Senior farewell: My second home with a second-rate bed

Senior farewell: My second home with a second-rate bed

I remember crying myself to sleep my first night at UTM. The bed was too small, the sheets too scratchy, the room too cold and my heart too lonely.

This is what you wanted,’ I reminded myself. ‘This was your decision.’

I missed my family already, and was incredibly nervous to start my life in “the real world,” away from the protection of my home and the stability of my parents. However, I was determined to get through it anyway, to go to class on my first day and make new friends and learn new things. I wanted to make my mark on this quaint campus, and looking back almost four years later, it seems that, in some ways, it changed me at the same time.

My journey through college definitely wasn’t easy. My mom was diagnosed with a brain tumor, my grandpa and great-grandma passed away within six months of each other, I was diagnosed with Scoliosis and Degenerative Disc Disease, two male students cornered me with not-so-good intentions, I had some really serious gastroenterology issues and the list goes on.

However, the amazing things that changed my life outweigh the bad. I accepted Jesus Christ into my life and now have a real, growing relationship with Him. I met an amazing man that is now my fiancé. My sister had a sweet baby boy. I met amazing friends and professors that I will never forget. I was the first freshman to ever get an internship at Nashville Arts Magazine. Perhaps the one happy event that sums all this up and more is that, in just a few short days, I am putting on a black cap and gown, with a gold cord draped proudly around it, and walking across a stage to receive my hard-earned diploma.

That diploma that will soon be proudly framed and hung is a Bachelor of Arts in English, Creative Writing Concentration, with a Communications minor.

I grew up writing instead of playing and dreaming instead of sleeping. Majoring in English seemed like an obvious choice to me—is there really anywhere else I would fit in? My gut told me no. Then, after switching minors three times, I finally found my place in the Communications department.

So many individuals have shaped my experience during my time at UTM that I could not possibly thank everyone who has affected me. I will never forget these people and the things they have done for me, from the small things, like Dr. Charles Bradshaw’s unwavering patience for constantly having to explain the difference between active and passive voice to me, to the big things, like Dr. Melvin Hill’s continuous advice and mentorship that has helped me create the best college experience and future career plans.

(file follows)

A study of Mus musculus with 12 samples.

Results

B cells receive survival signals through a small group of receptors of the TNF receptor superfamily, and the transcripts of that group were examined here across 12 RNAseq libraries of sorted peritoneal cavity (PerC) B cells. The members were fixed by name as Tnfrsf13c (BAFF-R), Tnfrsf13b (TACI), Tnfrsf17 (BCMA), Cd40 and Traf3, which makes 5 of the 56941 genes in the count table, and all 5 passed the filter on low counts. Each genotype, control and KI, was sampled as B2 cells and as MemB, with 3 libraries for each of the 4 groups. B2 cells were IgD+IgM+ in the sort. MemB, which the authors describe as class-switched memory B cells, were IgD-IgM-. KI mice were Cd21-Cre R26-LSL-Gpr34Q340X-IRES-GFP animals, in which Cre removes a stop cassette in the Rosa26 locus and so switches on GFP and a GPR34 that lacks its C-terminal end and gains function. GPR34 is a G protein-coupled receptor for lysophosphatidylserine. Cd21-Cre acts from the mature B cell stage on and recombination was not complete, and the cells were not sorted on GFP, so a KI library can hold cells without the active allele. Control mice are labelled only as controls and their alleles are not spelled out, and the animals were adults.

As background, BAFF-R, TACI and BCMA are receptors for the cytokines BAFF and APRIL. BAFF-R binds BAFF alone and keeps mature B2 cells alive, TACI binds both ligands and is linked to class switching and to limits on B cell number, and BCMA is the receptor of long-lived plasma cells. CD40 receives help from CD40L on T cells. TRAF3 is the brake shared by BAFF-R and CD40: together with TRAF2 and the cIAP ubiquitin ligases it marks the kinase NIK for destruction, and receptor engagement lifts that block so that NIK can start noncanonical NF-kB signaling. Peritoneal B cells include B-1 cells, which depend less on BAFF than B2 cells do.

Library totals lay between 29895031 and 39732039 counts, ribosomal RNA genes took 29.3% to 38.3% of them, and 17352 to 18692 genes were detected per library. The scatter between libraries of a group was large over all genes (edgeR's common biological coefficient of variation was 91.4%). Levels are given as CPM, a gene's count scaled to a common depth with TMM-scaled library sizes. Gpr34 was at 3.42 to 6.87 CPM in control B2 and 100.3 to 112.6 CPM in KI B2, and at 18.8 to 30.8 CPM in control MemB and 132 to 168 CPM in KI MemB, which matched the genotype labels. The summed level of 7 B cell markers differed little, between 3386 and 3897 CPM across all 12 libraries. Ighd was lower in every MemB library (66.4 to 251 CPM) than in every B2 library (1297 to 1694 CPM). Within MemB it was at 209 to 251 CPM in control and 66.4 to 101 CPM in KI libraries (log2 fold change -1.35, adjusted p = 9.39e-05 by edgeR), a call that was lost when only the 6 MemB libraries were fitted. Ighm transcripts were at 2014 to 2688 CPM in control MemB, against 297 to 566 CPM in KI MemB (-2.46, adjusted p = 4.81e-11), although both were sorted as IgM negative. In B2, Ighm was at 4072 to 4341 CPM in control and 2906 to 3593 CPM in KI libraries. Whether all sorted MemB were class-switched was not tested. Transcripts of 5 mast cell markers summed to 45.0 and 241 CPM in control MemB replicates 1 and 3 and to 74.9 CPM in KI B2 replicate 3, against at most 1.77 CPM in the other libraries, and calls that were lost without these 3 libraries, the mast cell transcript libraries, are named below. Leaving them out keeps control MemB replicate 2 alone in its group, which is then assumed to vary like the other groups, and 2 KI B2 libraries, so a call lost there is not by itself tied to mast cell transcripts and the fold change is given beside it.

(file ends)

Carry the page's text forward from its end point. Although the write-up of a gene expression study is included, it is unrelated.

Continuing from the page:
Without the help of faculty, staff, family and friends, I would not be where I am today. Therefore, my biggest advice to current and future students is this: make connections. Form relationships with your faculty and peers, because they will become your support system when you need it most. Don’t forget to call home either, since they were there for you before college and will continue to be there afterwards.

Before I came to college, someone once told me, “You will never look back at college and wish you would have gotten more sleep.” I did not really understand this at the time, but looking back now, it makes perfect sense. When you are pulling an all-nighter to finish a paper or staying out late to drink coffee and socialize, you may regret it the next morning. You may think that you are not going to get through it, but I am here to tell you that you will. Not only will you see the other side of that paper or whatever keeps you awake, but you will look back at it and be happy that you put effort into your work and created memories that can last a lifetime.

All of the memories, and even assignments, from the past four years show a little part of me—my personality, my dreams. When I look back at my college experience, I see my journey through the phase of adulthood you go through as a college student. This article marks the end of that journey, and that leaves a bittersweet taste in my mouth.

The beds here are still too small and too scratchy, but now the memories of the campus I am leaving behind fills me with warmth and joy. I can already say as a fact that I will dearly miss my home away from home, and I will never forget the people who impacted my life during my stay here.